Fiscal Cliff: Bewitchment?

George F. Will:

“Philosophy,” said the philosopher Ludwig Wittgenstein, “is a battle against the bewitchment of our intelligence by means of language.” In unphilosophic Washington, bewitchment is cultivated. Notice how quickly and thoroughly a phrase used intermittently for more than 50 years — “fiscal cliff” — was made ubiquitous by one of Washington’s least flamboyant speakers (Ben Bernanke). This melodramatic language encourages the supposition that plunging off the (metaphorical) cliff is unthinkable. But as this column has hitherto noted, the cliff’s consequences — huge tax increases and defense cuts — are progressivism’s agenda. And Obama needs to restock the pantry where he stores his excuses for his economic policy failures. The tax increases would augment his policy of enlarging government’s control of the nation’s economic output, and he could henceforth blame continuing economic anemia on Republicans who supposedly should have averted what progressives desire.

The shrillness of “cliff” talk bewitches minds that should be skeptical about the supposed point of all this — deficit reduction. Conservatives, many of whom are such because they understand government’s metabolic urge to metastasize, believe that spending cuts will be chimeras.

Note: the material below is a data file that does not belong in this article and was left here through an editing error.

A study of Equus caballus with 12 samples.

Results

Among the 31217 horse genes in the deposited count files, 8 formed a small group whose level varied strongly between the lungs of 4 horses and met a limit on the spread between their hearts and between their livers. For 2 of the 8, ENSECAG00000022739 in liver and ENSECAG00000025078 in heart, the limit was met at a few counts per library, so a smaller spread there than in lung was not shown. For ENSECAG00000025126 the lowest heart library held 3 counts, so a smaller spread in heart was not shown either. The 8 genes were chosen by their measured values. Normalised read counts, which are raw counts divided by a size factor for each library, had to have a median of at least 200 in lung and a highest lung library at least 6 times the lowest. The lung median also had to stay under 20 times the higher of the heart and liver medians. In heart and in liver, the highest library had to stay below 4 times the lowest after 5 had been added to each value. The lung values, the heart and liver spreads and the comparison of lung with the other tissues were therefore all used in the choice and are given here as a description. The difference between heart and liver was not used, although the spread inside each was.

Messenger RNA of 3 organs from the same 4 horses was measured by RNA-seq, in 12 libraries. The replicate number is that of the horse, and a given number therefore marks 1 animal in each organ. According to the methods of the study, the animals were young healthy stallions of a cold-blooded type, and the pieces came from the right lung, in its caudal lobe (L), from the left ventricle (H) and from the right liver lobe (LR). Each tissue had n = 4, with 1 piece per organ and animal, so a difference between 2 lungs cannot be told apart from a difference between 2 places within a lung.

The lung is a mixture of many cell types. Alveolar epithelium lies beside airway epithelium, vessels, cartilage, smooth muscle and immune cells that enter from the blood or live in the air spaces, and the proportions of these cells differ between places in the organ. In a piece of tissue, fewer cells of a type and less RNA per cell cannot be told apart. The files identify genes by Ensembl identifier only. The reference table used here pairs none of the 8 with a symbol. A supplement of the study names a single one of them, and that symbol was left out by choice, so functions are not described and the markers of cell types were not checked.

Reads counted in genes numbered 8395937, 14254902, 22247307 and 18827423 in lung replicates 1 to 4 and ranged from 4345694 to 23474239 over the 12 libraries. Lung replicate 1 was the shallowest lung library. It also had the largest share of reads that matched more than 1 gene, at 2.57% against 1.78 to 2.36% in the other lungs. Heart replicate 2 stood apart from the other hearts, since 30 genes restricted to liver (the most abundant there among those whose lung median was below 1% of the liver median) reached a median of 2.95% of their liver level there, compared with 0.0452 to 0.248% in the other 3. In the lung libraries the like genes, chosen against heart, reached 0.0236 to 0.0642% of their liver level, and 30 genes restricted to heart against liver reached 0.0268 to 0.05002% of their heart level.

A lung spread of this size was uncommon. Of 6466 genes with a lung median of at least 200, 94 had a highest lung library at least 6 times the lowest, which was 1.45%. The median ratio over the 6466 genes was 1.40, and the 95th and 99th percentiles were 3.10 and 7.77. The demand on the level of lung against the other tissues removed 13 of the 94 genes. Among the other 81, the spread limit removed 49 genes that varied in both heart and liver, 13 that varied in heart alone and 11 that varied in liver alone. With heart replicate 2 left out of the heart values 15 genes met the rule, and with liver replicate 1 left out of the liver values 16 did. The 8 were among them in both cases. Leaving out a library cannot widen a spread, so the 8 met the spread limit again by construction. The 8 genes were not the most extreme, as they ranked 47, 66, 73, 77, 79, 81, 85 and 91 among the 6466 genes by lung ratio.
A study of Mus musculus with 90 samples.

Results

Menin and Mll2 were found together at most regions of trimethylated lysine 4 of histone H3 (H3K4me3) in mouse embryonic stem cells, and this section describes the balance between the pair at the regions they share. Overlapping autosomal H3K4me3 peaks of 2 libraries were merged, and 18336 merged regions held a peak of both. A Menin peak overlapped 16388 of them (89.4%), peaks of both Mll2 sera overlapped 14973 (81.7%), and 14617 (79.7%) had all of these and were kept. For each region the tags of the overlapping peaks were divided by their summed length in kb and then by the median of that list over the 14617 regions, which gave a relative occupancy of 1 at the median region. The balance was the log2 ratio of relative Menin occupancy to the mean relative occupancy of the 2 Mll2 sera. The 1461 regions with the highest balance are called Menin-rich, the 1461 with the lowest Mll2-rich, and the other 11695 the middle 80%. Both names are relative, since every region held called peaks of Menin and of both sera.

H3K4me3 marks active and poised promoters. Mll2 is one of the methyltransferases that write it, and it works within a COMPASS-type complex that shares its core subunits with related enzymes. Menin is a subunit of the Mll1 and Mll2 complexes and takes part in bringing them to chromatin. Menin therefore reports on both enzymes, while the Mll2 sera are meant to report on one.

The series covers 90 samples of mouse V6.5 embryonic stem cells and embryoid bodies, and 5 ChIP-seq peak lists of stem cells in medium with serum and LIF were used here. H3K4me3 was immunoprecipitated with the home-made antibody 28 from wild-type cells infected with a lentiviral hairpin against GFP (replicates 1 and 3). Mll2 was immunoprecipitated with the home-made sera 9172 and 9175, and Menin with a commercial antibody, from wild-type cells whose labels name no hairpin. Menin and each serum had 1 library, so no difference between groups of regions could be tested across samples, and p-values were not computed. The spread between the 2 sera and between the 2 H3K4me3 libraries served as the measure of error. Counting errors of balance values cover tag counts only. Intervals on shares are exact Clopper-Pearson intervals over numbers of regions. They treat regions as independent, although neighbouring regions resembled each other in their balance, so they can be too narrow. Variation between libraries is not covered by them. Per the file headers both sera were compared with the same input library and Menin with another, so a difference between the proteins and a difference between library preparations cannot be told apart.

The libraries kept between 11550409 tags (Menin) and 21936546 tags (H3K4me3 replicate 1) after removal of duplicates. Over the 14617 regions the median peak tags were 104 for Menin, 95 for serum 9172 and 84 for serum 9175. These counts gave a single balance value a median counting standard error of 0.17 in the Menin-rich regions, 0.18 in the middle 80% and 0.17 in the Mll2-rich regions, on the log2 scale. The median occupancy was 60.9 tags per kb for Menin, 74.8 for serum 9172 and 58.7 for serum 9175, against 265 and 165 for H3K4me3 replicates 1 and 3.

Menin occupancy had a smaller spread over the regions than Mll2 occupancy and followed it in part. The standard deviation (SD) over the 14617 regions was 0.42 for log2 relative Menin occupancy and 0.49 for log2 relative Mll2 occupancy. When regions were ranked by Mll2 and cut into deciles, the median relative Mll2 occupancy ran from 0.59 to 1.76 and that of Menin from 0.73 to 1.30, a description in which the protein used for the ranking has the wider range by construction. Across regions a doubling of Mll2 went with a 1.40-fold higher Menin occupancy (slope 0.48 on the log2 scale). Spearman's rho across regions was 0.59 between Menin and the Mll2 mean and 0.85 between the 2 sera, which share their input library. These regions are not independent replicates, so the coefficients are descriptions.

Given Obama’s “principled” stance against “obdurate” Republicans, the cliff can be dodged only by imposing tax policies that further darken the nation’s future, and government spending would continue to rise even under the sequester-imposed “austerity.” More bewitchment of intelligence by language.


    Someone pointed out that “bewitchment of our intelligence by means of language” is a pretty good description of what Mr. Will does for a living.

    Will defends the Norquist pledge because it’s technically made to voters? Does the fact that voters overwhelmingly believe tax rates on the wealthy should go up then factor into his thinking? But, of course, that “would darken the nation’s future.” That’s a lovely turn of phrase that nevertheless has no basis in empirical fact, hence bewitching our intelligence.

  • AHH

    Of course Will is selective in talking about the consequences of the “cliff”. It also includes some things that are the opposite of “progressiviism’s agenda”, such as increasing the tax burden on the working poor and big cuts in non-defense federal programs.

    Both “sides” have aspects of the cliff they wouldn’t mind and aspects they would hate. The question is whether there is enough overlap in those preferences, and enough willingness to compromise on lines in the sand in order to serve the greater good, and willingness to pass up opportunities to score partisan political points, for this to be resolved.

    I’m not very optimistic — I’m guessing we head over the cliff and then the new Congress in January (with a somewhat smaller Tea Party presence) works out a compromise that probably dodges some of the hard issues.

  • Dave

    See the Peter Schiff article “The Fiscal Cliff” linked below. It is from July, but still pertinent.

    Also, his current article, “Doing Away with Debt Ceiling Drama” is worth reading as well.